Tuesday, August 17, 2010

The Commodification of Faith

Recently, Aitor and Mrs. Aitor visited Israel/Palestine/the Holy Land/the Promised Land/ whatever you wish to call it, and I've been meaning to post on it for a while now.  Obviously much has, can and will be written on the current political situation there, and the security precautions prevalent throughout Israel are legendary (on our flight home, for example, we had to go through two security checks before we checked in!). However, what I found surprisingly remarkable, at times disturbing, and certainly disappointing about the trip was not the obvious security and political issues, as summed up by this image:
The West Bank Security Wall seen from the hills around Jerusalem
But rather the commodification, commercialisation, and at times trivialisation of faith, as perhaps can be summed up by the below image: 
The exact point - the exact point- where Jesus was laid in the manger
That's right folks, the very spot where Christ was laid in the manger in Bethlehem. We visited Christ's tomb -  I can believe that is possibly the real thing, as He would have had sufficient following at the time of the crucifixion to make the location noteworthy. We visited the exact spot of Christ's birth, (which was in the same Church as the manger above) which was stretching things somewhat for me. After all, Christ may have died well-known, but His birth passed unnoticed by most people (save those three dudes from Persia - and hey, they were wise!).  But the manger? The exact spot where the manger rested? C'mon!

Now, I am no atheist, I am very much a Catholic, believe in God, go to Mass, the whole nine yards. A bit miffed at the Pope at the moment, admittedly, but in part that's because I think the hierarchy is seriously damaging the church (or should that be Church?). But it is precisely because I am relatively religious that Jerusalem and Bethlehem were so disappointing to me. It felt, for all the world, like a faith-based Disneyland. Don't get me wrong, as a Catholic I am certainly not averse to a little bit of relic-heavy religious worship, and I can appreciate the appeal in being able to place your hand in the supposed spot Jesus leaned against a wall on the Via Dolorsa:

Some might dismiss that as mere superstition, others might see it as a legitimate expression of faith. As far as I am concerned, as I'm sure is the case with most of you, it's a matter of personal belief. What I found disturbing was not the attempt to make elements of all three of the main monotheistic faiths a literal reality in Jerusalem and Bethlehem, but rather what the literal presence (supposed or otherwise) of religious locations did to the allegedly faithful, and how they aimed to cash in on the territory they held. And I'm not talking about the Jews and Muslims here.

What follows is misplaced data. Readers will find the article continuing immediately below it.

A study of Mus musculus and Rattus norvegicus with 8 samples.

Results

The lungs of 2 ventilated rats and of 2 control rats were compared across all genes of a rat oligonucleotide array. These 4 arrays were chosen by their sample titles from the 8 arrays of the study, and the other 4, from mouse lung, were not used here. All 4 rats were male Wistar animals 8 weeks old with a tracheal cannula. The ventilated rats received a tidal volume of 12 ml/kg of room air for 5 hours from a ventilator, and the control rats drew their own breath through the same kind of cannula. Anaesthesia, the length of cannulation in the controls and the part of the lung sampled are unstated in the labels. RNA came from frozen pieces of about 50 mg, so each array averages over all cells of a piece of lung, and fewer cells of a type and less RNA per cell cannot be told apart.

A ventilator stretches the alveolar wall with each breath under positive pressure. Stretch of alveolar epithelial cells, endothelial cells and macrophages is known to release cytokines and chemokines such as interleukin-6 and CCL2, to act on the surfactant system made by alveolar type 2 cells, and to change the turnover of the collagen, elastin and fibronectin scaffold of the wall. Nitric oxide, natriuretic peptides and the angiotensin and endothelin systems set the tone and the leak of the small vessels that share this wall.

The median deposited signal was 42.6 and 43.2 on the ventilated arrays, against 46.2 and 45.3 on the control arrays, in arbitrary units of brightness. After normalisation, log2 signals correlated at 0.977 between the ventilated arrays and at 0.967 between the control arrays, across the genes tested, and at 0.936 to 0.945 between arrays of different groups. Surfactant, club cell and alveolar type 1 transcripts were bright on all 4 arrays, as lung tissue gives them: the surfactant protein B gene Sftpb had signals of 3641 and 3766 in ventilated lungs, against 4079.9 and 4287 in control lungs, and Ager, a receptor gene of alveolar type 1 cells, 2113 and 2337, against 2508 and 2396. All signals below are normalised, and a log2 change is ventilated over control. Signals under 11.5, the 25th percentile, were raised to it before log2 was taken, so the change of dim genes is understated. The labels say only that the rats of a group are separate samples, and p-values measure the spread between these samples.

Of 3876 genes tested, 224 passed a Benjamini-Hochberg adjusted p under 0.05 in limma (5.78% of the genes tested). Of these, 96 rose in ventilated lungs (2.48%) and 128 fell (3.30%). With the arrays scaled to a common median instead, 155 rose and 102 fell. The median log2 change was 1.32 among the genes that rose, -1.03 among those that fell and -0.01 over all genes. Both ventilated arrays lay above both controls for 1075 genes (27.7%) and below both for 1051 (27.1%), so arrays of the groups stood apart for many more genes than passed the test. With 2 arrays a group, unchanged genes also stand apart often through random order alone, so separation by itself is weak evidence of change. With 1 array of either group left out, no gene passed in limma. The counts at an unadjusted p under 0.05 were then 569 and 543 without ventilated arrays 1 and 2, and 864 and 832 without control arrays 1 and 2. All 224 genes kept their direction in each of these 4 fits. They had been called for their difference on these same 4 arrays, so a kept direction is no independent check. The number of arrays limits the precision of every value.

When a local noteworthy in Bethlehem asked were we Catholic, he was only interested as he already had a prepared sales pitch designed to tug at our Rome-influenced heartstrings, telling us of the plight of our co-religionists in Bethlehem, who would be immeasurably helped if only we bought a limited edition, hand-crafted olive wood rosary in his shop. For those of our companions who were not Roman Catholic, no problem! He had simple, sleek crosses for the Anglicans and Lutherans among us, and icons for the Orthodox Christians, with an (unspecified) donation from each sale going to the relevant Church. 

Given the razmatazz and constant hustling surrounding the Christian sites, I suppose it is not really that surprising that I found the Western Wall to be one of the most spiritually inspiring locations: That the Western Wall is not actually a part of the Old Temple didn't detract from it as a focus for faith and belief. And whatever you think about modern Israel, the idea that this site, after nearly two milennia, has returned to Jewish hands is remarkably powerful. 

Alone among the Christian sites, the Church of the Holy Sepulchre actually felt spiritual. As I outlined above, it is not impossible that the site of Christ's tomb might actually be where people say it is, and within the Church there was a definite sense of peace and calm. Indeed, what impressed me most was the tour group of Muslims (who I think were from Pakistan) visiting the Church while we were there - their presence underlined the common elements of the Abrahamaic faiths, and suggested that whatever we all believed in did have a real, tangible root. Yet even here, man's ego and greed was able to profane the sacred: 

If you look closely at the picture above, you will see a ladder under the righthand window on the second floor above the door. This ladder has been in place since 1852, when the status quo agreement was signed under the Ottomans, and agreement which set out the rights and responsibilities of the 6 Churches (Roman Catholic, Greek Orthodox, Armenian Orthodox, Syrian Orthodox, Coptic Orthodox, and Ethiopian Orthodox.) that claim ownership of the church. Due to the careful division of powers within the building, no one can agree on taking the ladder down, and even organising basic repairs can be difficult. Men of God, eh?
And finally, the Dome of the Rock. I'd love to tell you what it is like inside, but apparently non-Muslims are not allowed in (or is that just what our Israeli guide told us?). 

P.S. If you want a truly heavenly experience in Israel, go to Benedict's in Tel Aviv, an all-day breakfast place. Oh my God, their white chocolate pancakes!